Bogen DB110 integrated mono amplifier

SPECIFICATIONS (furnished by manufacturer): a combination preamp-control and power amplifier on one chassis.
Inputs: high or low-level magnetic phono cartridge; microphone; two high-level sources (labelled Tuner and Aux.) Controls: combined selector and equalization switch (3 phono positions with RIAA, 78, or Pop equalization; Mic, Tuner, Aux); combined AC on-off and Volume; Bass (±17db, 40 cycles); Treble (+11 to -14 db, 15,000 cycles). Hum adjustment on back of chassis. Outputs: 4, 8, or 16 ohms to speaker; high-impedance output, not affected by tone and volume controls, to feed tape recorder. Two switched AC power outlets. Response: within 0.5 db from 15 to 50,000 cycles; -3 db at 10 and 85,000 cycles, 12 watts. Distortion: 0.125%, 0.25%, and 0.65% harmonic at 1, 5, and 12 watts respectively; 14 watts peak. Damping Factor; infinity. Noise: 81 db below rated output on high-level channels; 55 db below on phono channel. Tubes: 3-12AX7, 2-6V6GT, 5Y3GT. Dimensions: 5¼ in. high by 11 wide by 7¼ deep.
Price: $59.95. Manufacturer: David Bogen Company, Inc., 29 Ninth Avenue, New York 14, N. Y.

Here's another surprise from Bogen - the surprise being, of course, the price tag on the DB110 amplifier. It is one of the best-sounding amplifiers we've heard in this general price class, and (in our opinion, anyway) probably the best planned from the aspect of versatility.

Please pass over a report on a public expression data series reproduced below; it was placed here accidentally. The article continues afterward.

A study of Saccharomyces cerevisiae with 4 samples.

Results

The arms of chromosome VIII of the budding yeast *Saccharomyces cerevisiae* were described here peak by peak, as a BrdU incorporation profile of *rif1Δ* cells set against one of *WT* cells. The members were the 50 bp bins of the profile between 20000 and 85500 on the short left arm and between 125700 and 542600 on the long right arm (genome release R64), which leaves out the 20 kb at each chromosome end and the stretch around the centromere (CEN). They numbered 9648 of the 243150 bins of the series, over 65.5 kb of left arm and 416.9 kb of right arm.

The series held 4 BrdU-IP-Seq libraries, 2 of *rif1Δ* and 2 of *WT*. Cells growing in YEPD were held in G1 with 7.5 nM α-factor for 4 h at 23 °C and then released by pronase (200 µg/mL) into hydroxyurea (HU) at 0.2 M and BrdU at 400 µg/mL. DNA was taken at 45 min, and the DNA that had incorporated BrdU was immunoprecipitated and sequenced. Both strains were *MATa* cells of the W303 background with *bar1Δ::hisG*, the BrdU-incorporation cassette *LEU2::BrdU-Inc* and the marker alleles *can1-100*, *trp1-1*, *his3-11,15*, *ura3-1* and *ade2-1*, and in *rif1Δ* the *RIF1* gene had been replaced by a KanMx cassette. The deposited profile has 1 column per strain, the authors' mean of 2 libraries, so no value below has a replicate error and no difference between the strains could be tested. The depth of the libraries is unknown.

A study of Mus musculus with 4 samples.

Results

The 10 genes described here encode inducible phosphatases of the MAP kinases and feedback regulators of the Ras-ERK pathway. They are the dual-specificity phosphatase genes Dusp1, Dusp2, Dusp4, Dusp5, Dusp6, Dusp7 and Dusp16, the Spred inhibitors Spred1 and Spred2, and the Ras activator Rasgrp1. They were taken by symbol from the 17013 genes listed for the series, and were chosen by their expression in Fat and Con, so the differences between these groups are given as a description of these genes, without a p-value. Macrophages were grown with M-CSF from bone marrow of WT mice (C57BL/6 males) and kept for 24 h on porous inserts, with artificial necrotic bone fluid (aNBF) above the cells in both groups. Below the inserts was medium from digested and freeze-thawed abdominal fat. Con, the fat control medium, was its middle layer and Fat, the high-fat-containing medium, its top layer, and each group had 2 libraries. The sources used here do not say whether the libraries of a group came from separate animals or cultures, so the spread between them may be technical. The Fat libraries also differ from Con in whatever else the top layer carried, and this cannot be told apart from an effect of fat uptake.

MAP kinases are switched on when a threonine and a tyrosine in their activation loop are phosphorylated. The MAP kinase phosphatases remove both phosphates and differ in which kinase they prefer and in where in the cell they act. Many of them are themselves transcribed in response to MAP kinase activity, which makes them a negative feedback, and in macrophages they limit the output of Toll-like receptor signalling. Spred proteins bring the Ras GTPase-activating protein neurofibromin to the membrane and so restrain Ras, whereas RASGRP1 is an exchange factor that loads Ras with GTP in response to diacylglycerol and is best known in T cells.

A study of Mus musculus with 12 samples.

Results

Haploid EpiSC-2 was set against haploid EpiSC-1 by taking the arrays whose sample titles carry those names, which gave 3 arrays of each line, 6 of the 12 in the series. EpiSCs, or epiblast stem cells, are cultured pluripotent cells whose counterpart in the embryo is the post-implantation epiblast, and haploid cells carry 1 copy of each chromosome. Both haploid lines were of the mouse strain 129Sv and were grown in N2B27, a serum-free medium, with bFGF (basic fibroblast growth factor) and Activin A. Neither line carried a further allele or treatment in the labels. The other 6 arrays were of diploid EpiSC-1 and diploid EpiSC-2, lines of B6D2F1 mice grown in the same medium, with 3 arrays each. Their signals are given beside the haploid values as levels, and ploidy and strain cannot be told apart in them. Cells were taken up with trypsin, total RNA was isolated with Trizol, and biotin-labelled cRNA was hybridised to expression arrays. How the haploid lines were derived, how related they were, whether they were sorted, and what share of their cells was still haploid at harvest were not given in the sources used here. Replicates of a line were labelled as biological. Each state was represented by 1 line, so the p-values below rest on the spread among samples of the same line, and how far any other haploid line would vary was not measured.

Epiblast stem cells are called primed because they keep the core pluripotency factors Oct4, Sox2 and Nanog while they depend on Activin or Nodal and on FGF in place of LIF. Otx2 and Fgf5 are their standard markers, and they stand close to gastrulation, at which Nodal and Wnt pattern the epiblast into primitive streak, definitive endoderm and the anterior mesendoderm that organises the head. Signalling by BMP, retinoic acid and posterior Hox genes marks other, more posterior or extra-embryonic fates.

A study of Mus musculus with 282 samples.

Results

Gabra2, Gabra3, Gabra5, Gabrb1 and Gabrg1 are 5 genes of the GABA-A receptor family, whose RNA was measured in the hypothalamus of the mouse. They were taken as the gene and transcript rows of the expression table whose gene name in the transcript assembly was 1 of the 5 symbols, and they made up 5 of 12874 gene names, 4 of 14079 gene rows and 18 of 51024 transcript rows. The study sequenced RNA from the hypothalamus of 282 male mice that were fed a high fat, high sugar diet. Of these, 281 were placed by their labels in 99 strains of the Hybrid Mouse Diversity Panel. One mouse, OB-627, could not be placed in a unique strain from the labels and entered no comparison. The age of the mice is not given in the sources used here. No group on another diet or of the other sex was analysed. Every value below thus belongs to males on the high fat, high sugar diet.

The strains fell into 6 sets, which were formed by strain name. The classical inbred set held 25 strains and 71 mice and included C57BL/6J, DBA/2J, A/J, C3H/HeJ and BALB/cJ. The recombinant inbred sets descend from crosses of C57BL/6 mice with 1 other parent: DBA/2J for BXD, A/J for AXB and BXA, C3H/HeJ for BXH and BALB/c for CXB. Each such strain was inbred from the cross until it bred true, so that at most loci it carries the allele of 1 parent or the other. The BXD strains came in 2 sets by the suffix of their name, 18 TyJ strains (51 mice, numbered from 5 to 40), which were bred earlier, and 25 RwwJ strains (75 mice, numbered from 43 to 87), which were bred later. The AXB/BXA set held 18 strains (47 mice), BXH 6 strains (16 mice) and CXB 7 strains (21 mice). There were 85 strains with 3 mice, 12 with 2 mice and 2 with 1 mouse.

There are six pin-jack connectors on the back panel. Two of them are alternate inputs for a magnetic phono cartridge, depending on whether you have a high or low- output cartridge. There is an input for a high-impedance microphone and two for high-level sources such as tuner, tape recorders, or TV audio. The remaining jack is a high- impedance output to feed a tape recorder. It isn't affected by the tone or volume controls, so you can monitor on your hi-fi system while making a recording or turn the amplifier volume control off, as you please. A tape output at this price can be considered a bonus of real value. Also on the back panel are a hum adjustment, two switched AC power outlets, and the usual 4, 8, and 16-ohm speaker terminals.

First three positions on the selector switch are for the phono input; they're labelled RIAA, 78, and Pop. The 78 position has little high-frequency rolloff and is recommended for many 78 records, particularly those foreign-made, and the Pop curve is for noisy records. Somewhat limited choice of equalization? True - but the people at Bogen have alleviated this with a very clever expedient that many other manufacturers would do well to follow. In the instruction book (complete in other ways too) is a simple table giving bass and treble tone control settings that, combined with the basic equalization curves, furnish exact equalization for any record. - Remaining selector switch positions are for the microphone, radio, and auxiliary inputs.

The power switch is combined with the volume control, next to the pilot light. Individual bass and treble controls are on the right; we found that the true flat positions were very close to those indicated, and that their operating ranges met specifications on the unit we tested.

Our checks on the power amplifier section showed low distortion at all power levels up to maximum, lower than in many amplifiers selling for a good deal more. This was reflected in fine listening quality.

For those who may want to operate the amplifier on an open bookshelf or table, an alternative model (DB110G) is available at $4.55 more. This has a gold-finished metal cage to conceal and protect the tubes. — R. A.